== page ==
By LARRY VAUGHT
During his time as a college basketball coach, John Calipari has seen two looks from players. One indicates players want coaching and instruction.
“Then there’s a smirk,” said Calipari. “What I said: ‘The smirking ain’t working.’ You need to understand why we tell you to do certain things. I talked about (senior) Jon Hood. It’s amazing how much he’s grown. I mean, amazing. It’s like we have another coach in him.
“I told the team about Jon. I said, ‘Hey, if you want to know how good you are compared to who he’s played against, there is no player in the country that has played with more pros than Jon Hood (has at Kentucky).’ There isn’t one. There’s not one. Maybe never will be one.
“He’s gone from ‘What about me and da, da da to how do I help this team in what I do?’ And all the sudden he’s having a ball making it about everybody else, and if he gets his opportunity Jon Hood will be ready.”
Calipari used the growth of Alex Poythress as player to demonstrate the value of listening and learning.
“Alex now in my mind, when he’s 35 years old and something hits him, he’s not going to blame anybody, he’s not going to listen to the alibis,” Calipari said. “He’ll work on changing, and his, quote, failure won’t be for long. That’s what you hope you get from all this stuff: that you’re teaching life lessons, that they use this.
“But it’s like a diet. You do right for five days, doesn’t mean you’re going to lose 72 pounds. Maybe even gain weight. But you’re doing the right stuff, so you stay with it and you know it’s gonna work and you keep marching. That’s what I’m trying to tell all these kids.”
Freshman Derek Willis is another player Calipari thinks has benefited from listening.
“Derek, when he gets his opportunity, is going to do fine. He’s our best post passer. They play zone, I’m gonna start putting him in. We may be able to start playing zone (defense) with him, so now you’re really big, because he would be your three. You’re talking 6-10, 6-10 … I mean, it would be a huge zone if we want to play that way. So we’re talking about things that go beyond just the basketball,” Calipari said.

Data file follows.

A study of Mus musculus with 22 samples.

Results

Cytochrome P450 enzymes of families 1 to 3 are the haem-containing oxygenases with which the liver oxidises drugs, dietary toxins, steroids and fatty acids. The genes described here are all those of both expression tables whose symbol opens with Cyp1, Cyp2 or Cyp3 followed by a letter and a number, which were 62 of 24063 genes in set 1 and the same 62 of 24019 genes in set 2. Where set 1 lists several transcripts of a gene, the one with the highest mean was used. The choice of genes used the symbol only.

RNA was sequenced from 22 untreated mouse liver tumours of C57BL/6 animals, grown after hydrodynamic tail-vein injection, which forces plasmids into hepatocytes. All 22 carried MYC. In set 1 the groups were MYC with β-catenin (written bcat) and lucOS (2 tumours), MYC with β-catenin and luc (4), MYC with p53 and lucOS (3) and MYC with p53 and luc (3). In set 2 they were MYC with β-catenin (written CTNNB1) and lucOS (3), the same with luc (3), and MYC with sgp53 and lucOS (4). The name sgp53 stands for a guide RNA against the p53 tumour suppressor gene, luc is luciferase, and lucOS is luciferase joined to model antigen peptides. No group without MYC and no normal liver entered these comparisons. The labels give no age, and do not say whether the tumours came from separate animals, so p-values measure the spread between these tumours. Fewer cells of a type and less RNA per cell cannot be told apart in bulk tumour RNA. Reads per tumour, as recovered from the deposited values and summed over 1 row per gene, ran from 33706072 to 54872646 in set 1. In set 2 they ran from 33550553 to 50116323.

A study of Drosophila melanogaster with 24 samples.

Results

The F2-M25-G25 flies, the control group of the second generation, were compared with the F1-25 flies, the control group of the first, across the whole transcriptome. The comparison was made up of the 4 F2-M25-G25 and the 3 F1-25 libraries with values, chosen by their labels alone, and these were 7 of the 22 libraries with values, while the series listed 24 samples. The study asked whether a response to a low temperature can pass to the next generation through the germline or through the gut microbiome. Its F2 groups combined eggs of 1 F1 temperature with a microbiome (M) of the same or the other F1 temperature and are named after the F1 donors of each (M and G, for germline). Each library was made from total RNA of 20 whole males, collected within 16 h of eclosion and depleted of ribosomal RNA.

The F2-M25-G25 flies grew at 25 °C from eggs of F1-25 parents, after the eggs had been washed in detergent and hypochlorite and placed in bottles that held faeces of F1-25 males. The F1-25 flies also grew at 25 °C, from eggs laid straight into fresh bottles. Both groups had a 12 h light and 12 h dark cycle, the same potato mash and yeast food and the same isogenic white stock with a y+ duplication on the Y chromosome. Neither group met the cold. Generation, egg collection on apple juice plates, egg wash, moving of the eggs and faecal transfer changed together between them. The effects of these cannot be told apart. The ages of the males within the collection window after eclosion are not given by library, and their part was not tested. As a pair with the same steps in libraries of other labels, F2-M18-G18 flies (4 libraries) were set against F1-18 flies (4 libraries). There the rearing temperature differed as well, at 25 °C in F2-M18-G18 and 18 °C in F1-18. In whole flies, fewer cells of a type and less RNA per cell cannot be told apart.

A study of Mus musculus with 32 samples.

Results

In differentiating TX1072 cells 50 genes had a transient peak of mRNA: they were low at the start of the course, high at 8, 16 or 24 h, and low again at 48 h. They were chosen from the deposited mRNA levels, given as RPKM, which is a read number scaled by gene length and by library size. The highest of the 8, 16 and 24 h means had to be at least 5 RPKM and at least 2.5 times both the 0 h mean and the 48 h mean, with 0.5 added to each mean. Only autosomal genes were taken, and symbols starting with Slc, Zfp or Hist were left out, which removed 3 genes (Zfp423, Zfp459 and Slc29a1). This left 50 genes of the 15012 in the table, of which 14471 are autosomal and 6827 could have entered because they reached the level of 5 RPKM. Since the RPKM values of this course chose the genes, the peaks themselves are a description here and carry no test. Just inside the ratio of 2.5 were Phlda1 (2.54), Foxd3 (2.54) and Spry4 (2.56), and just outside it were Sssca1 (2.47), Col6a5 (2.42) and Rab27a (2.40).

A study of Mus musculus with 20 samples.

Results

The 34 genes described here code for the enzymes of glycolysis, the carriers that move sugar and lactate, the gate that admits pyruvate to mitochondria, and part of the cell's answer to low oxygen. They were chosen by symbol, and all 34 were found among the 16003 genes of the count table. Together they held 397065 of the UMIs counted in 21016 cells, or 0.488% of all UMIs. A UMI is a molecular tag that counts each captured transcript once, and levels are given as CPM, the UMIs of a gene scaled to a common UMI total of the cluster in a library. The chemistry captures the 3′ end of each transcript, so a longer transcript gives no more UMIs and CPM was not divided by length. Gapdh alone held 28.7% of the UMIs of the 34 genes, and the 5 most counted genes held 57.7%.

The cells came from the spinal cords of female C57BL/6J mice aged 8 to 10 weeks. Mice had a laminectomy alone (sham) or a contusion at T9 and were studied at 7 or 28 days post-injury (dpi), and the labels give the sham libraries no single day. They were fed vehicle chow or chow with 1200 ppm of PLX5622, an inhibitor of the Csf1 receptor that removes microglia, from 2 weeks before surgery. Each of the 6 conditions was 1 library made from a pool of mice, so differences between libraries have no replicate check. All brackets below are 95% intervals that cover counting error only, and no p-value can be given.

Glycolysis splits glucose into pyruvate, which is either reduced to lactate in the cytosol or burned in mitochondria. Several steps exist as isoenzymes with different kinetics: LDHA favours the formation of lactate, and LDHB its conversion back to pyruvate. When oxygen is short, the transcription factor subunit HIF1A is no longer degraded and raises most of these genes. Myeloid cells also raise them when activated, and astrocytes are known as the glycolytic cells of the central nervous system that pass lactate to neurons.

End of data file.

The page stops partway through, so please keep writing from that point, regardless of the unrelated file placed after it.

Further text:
“But, again, the clutter they hear … A hundred-man marching band, and that band is (marching in places) step by step; Ninety-nine turn right, this guy turns left, and his people, that clutter, says to him, ‘What’s wrong with those other 99?’ That’s the clutter, and you’ve gotta get beyond that. ‘I’m owning what’s happening. I’m taking responsibility.’”
Kentucky plays at LSU Tuesday night and that could provide more opportunities for clutter. The Cats have lost only one Southeastern Conference game. But for several weeks Calipari has mentioned the “clutter” his team has dealt with this season.
“It’s everywhere. It’s not just here. I know it’s happening across the country. Everywhere. You can become delusional, and I’ve had guys do that,” Calipari said. “Like, you’re listening and buying it and it’s making you feel good and you become delusional. Or you can man up a little bit, own your own performance, listen to it but understand: This person is not helping me. Then you want that call less and less instead of more and more. ‘Tell me what I want to hear. It makes me feel good because I don’t want to take responsibility.’ Then that’s who you talk to all the time, become delusional.
“And let me just say this: What I’m saying, I’ve done this a long time; every team I’ve coached has the clutter. Now who’s going to deal with it and who’s not? My good teams don’t buy it. Sometimes the clutter is they’re on each other, the other players. ‘He shouldn’t be shooting all the balls. You’re better than …’ It’s everywhere. It’s not just here. Now is that a major problem? It might have been. I don’t know. But I know this: it’s out there now. If it was, I think it’s been addressed.”